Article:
Clubs Bolster Student Knowledge

Authored by

Not all learning takes place in a classroom. Just ask physical therapy students involved with two new special interest groups at the George Washington University (GW) School of Medicine and Health Sciences (SMHS).

The two student-run groups, Neuro Club and Manual Therapy Club, meet about once a month outside of class to discuss topics of interest. Faculty members serve as advisors. 

The Neuro group, as its name suggests, focuses on neurological physical therapy and offers interested students additional labs and talks from special guests. Club members explore topics related to conditions affecting the brain, spinal cord and nervous system, such as stroke, spinal cord injury and Multiple sclerosis. Karen Goodman, PT, DPT, assistant professor in SMHS’s Department of Health, Human Function and Rehabilitation Sciences and academic director of MedStar NRH/GW Neurologic Residency Program, serves as advisor of the group.

One of the club’s leaders, Gray Weaver (DPT ’25), said bringing patients and community members to campus helps students gain new perspectives on what it is like to live with and manage neurological conditions.  “It takes us a step beyond studying the scientific nature of a disorder to hear the lived experience – hearing about the little nuances that affect their daily life… that enhances our learning so much,” Weaver said. Amanda Seethaler (DPT ’25) also leads the group that got its start in 2023.

Seethaler and Weaver plan to host more guest speakers in the future and hope to motivate their classmates to consider a future in neurological PT. “We can be the voice of advocacy for change in environmental setup to make it easier for people who may not have a voice… and we can be the providers who help our patients maintain functional levels in a society that is not made for them,” Weaver said. “There is a lot that we still don’t understand, and with that, lots of room for advancement in this field. This is something that we as student physical therapists can improve upon in the future.”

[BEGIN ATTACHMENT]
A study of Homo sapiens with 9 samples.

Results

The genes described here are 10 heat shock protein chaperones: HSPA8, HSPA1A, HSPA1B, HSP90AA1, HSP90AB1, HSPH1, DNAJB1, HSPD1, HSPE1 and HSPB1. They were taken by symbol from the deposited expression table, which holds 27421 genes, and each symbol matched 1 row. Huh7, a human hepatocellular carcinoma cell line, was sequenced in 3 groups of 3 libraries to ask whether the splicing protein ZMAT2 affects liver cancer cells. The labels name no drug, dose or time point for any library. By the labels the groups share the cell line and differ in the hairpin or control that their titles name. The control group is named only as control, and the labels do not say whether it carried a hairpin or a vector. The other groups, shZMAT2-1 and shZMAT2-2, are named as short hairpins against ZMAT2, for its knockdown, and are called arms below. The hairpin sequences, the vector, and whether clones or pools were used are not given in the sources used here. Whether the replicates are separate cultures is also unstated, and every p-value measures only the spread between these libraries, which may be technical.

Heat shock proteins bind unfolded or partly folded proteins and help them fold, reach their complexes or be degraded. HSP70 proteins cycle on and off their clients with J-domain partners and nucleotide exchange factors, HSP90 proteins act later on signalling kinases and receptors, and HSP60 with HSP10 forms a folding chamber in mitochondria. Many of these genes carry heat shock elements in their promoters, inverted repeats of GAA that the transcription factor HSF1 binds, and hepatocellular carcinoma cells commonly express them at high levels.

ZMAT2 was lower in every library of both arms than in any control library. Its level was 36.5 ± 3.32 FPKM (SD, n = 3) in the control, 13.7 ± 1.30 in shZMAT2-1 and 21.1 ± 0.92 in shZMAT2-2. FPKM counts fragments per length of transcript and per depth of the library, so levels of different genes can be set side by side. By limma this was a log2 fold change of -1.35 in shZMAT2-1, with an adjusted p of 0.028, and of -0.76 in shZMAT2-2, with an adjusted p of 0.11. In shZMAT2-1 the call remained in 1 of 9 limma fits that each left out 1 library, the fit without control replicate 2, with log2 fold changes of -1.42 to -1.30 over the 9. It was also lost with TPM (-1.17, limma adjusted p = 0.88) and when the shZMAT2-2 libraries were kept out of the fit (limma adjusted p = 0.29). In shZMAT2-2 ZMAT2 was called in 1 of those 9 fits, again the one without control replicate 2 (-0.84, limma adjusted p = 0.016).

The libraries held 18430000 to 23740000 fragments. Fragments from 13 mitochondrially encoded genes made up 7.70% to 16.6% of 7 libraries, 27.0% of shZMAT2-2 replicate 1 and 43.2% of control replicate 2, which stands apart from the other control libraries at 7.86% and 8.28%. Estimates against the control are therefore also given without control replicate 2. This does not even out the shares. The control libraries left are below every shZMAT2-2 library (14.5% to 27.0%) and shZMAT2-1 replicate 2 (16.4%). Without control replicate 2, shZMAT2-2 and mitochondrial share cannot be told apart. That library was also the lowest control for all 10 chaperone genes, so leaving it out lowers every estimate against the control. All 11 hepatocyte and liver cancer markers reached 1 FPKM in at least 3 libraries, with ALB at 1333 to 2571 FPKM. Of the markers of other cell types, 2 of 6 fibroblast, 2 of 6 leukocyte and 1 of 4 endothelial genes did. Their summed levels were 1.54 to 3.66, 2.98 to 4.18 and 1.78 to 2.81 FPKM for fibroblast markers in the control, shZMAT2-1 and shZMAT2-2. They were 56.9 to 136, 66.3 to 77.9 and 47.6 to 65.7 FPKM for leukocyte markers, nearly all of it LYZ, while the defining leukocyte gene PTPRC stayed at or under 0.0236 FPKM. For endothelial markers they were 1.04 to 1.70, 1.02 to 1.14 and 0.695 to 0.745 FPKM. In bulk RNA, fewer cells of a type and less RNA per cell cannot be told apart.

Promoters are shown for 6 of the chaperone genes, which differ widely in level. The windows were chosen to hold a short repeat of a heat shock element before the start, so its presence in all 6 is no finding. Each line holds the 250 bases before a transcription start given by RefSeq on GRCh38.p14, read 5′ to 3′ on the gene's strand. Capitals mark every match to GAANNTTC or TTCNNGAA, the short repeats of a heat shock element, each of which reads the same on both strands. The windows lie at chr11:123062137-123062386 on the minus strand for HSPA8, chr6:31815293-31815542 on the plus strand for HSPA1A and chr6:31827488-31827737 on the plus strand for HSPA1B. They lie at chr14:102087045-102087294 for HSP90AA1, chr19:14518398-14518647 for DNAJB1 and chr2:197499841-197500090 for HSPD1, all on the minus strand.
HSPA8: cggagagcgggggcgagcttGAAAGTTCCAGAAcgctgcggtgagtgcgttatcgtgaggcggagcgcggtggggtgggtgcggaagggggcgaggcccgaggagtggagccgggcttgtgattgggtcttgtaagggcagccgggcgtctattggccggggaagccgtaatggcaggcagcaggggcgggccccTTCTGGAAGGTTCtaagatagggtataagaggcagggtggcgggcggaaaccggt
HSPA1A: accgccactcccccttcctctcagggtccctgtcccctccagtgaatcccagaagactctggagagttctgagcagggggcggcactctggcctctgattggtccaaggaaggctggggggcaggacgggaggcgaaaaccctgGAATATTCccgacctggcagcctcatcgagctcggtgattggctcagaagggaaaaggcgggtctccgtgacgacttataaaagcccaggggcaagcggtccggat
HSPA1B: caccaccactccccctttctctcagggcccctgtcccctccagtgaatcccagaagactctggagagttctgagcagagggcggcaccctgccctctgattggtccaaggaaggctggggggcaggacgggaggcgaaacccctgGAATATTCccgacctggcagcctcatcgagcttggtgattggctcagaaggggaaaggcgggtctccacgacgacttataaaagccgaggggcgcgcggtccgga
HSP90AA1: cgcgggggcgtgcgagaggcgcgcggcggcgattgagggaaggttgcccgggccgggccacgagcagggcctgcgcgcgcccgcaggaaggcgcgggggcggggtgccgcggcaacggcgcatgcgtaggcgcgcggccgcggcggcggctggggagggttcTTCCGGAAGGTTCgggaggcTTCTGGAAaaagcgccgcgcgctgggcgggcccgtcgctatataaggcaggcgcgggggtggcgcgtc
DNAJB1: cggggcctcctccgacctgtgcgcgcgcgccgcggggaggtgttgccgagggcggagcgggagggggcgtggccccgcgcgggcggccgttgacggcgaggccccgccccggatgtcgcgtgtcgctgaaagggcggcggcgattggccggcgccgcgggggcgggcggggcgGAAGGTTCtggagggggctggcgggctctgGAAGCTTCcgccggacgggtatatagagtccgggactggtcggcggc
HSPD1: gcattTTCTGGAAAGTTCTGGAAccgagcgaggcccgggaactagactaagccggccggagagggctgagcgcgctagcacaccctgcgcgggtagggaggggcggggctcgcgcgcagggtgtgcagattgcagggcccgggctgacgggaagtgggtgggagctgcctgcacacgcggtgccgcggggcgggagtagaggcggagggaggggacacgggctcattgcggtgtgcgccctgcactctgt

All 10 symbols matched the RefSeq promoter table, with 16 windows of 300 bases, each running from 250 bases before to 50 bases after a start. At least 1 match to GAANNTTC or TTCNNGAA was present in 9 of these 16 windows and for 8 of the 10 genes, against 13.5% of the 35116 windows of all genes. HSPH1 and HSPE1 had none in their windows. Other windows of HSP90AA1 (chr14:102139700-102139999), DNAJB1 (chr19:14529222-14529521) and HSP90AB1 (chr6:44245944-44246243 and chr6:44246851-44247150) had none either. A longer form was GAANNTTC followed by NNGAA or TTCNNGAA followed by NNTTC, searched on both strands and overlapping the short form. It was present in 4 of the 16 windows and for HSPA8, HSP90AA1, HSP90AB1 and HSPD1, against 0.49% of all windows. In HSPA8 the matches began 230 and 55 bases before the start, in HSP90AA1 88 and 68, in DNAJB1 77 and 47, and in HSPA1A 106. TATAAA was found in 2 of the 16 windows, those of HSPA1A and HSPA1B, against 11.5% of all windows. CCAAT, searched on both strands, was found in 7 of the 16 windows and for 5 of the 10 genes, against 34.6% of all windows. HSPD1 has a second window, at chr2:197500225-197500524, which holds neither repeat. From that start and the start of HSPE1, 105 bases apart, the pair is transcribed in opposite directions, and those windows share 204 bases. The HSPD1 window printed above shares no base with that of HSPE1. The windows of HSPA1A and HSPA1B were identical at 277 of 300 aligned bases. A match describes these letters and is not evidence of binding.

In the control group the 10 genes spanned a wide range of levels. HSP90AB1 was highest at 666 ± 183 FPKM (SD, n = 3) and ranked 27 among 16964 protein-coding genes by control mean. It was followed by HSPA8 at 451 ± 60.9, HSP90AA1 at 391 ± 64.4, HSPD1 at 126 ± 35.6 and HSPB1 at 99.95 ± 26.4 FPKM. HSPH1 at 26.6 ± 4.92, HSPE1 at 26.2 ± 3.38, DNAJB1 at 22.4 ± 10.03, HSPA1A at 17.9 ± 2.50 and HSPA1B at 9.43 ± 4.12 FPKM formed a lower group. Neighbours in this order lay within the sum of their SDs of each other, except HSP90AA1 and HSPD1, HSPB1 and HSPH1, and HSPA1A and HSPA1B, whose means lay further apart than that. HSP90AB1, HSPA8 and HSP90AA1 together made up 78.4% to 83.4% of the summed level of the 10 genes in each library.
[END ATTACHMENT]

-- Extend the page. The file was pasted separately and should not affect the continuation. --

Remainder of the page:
The second group, the Manual Therapy Club, was organized to give PT students additional opportunities to learn and practice hands-on techniques to treat musculoskeletal pain and other disabilities. Orthopedic residents and, experienced clinicians work with first and second-year PT students work on treatment options. Dhinu Jayaseelan (DPT ’10), associate professor and co-academic director of the orthopaedic residency at SMHS, is the club advisor.

Club meetings have covered various techniques within manual therapy. Christopher Regalado (DPT’25), one of the group’s leaders, recalls learning the McKenzie Method – an assessment and management approach for back, neck and extremity injuries – as one of his favorite experiences. “It’s cool to learn from people that we haven’t learned from before in class,” Regalado said. “It was fascinating to hear the thought process… I don’t know if I will utilize the McKenzie Method as a practicing clinician, but this experience has certainly piqued my interest.” 

Ella Roberts (DPT ‘25), and Jesse Ntawutarama (DPT ’25), who lead the club with Regalado, want to invite more GW PT alumni to teach new techniques to students. “Having an outside look from alumni would be helpful,” Roberts said.  

When asked why manual therapy is an important PT subspecialty, Roberts cited how it is one piece of the “wellness pie” in treating patients. She noted that the hands-on nature of manual skills also builds comfort and trust with patients, preparing students for a more beneficial therapy session. 

Aside from giving students opportunities to learn more about specialized areas within PT, both clubs also allow students to exercise leadership skills. The clubs hope to motivate students to seek out new and evidence-based knowledge which will contribute to their success as health care providers.